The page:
But maybe more interesting than the movie itself is the changing face of the new American comic book fanatic. The perennial image of the white, nerdy, suburban kid locked away in the basement with his boxes of comic books is no longer operative because as America browns, the comic book audience is browning with it.
Ethnic diversity is worming its way into the panels of superhero comic books and into the legions of people who love them; the midnight lines for Watchmen were more diverse than it would have been 20 years ago. In Junot Diaz’ Pulitzer Prize-winning novel, The Brief Wondrous Life of Oscar Wao, the title character escapes into comic books, science fiction and role-playing games to cope with the miseries of his life. This further alienates the already shy, awkward and overweight Oscar from his peers in their Dominican-American neighborhood in New Jersey because he can’t share his geeky sensibilities with anyone.
But judging by the “diversity” of superheroes, storm troopers and anime samurai who descended on midtown Manhattan for the New York Comic Con at the Jacob K. Javits Center last month, if Oscar had been born a decade later, he wouldn’t have been so lonely. These days, comic book fans are likely to see 1970s TV Hulk Lou Ferrigno signing autographs and Method Man browsing leather gauntlets and dapping fans. The pasty-white kids dressed up as Captain America and Spider-Man are still there, but today’s costumes at Comic Con are as common as a fresh fade and a bomber jacket. Issues of Spider-Man featuring Nerd in Chief Obama’s smiling grill, now in its fourth printing, are hocked to the greedy crowd of geeks looking for the best comics schwag. The throng of comic fans, clad in homemade tributes to their favorite characters, now includes heroes with names like Mr. Terrific, Static Shock and Black Panther.
“Black urban youth have always identified [with superheroes], partly because the audience is downtrodden, and partly because [superheroes] always live in cities,” says Professor Jonathan Gray, who teaches a class on graphic novels at John Jay University. “The cops are hassling Spider-Man. Well, the cops harass me. Spider-Man rides the C Train, I ride the C train … This is sort of a native audience.”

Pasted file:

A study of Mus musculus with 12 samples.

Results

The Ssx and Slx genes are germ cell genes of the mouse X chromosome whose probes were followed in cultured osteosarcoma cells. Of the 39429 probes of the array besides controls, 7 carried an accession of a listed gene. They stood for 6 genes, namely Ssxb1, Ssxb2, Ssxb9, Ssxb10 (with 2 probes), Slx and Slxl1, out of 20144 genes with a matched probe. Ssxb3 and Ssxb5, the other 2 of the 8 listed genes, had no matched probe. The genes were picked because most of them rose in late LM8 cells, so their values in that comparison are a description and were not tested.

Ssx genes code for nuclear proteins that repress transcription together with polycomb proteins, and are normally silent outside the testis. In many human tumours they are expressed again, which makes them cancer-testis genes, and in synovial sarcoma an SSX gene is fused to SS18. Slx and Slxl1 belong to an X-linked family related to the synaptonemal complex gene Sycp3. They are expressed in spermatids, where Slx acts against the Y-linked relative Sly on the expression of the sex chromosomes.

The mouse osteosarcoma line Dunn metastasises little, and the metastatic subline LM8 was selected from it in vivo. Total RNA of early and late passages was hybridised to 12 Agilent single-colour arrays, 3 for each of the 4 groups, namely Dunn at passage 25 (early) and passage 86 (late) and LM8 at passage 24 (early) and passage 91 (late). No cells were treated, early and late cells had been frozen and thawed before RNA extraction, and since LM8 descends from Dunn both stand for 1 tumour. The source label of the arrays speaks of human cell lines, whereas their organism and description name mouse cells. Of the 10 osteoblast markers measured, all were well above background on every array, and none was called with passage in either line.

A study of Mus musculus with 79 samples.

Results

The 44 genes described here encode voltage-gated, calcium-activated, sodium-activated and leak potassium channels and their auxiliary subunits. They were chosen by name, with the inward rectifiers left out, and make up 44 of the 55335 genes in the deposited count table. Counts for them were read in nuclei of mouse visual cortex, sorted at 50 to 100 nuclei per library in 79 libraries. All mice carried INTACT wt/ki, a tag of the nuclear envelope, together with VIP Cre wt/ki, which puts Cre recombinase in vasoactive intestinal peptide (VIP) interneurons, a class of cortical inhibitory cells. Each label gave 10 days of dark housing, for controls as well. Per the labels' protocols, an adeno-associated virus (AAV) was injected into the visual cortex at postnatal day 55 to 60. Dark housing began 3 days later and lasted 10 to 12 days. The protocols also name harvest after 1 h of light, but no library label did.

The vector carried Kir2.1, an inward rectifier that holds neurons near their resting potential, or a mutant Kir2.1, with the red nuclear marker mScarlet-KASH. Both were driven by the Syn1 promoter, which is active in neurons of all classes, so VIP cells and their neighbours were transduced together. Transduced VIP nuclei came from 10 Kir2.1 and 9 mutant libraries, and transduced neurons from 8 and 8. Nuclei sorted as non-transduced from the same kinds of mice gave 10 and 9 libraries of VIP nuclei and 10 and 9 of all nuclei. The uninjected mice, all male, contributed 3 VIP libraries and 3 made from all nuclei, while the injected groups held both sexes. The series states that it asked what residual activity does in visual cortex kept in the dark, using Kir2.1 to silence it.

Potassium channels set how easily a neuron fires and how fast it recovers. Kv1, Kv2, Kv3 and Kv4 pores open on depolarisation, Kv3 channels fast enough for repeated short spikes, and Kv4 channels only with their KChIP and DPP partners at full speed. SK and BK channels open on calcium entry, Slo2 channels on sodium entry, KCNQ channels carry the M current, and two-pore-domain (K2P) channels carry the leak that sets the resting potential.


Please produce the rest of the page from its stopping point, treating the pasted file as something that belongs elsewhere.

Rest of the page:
Gray, a tall, slender man with long dreadlocks and a speckle of gray in his goatee, was attending a panel set up by BET to promote their new prime-time animated series inspired by Marvel Comics’ Black Panther. Black Panther, a Stan Lee creation whose first appearance in 1966 predates Huey’s party, is the comic world’s first black superhero and a sometime member of Marvel’s flagship superhero team, The Avengers. Black Panther is an African king who resides in the fictional nation of Wakanda, and his advanced technology sent would-be colonizers fleeing in terror.
Aiming to capitalize on the changing demographics of comic book fans, the affable former CEO of BET, Reggie Hudlin, has been penning Black Panther as a side gig, bringing a racial sensibility to Marvel Comics that is helping to attract a more diverse audience.
“There’s these other people who don’t come into the comic book store, who come into it now because of Black Panther,” boasts Hudlin. Now he wants to entice his new fans to park themselves in front of the television and watch his new show, which features actors Djimon Hounsou and Kerry Washington.
And then when it comes to race in comics, the big questions are not as other-worldly as one might think. Even here, at Comic Con, post-racialism rears its nagging, pleading head. One middle-aged man in a snug T-shirt tells Hudlin how much he liked Black Panther as a kid, “because he wasn’t just another black guy,” and asks whether this will be the version of Black Panther who ends up on the show, suggesting that superheroes are the ultimate post-racial figures. “You know, when you put on a mask, you don’t have skin color, you’re just a hero like everybody else.”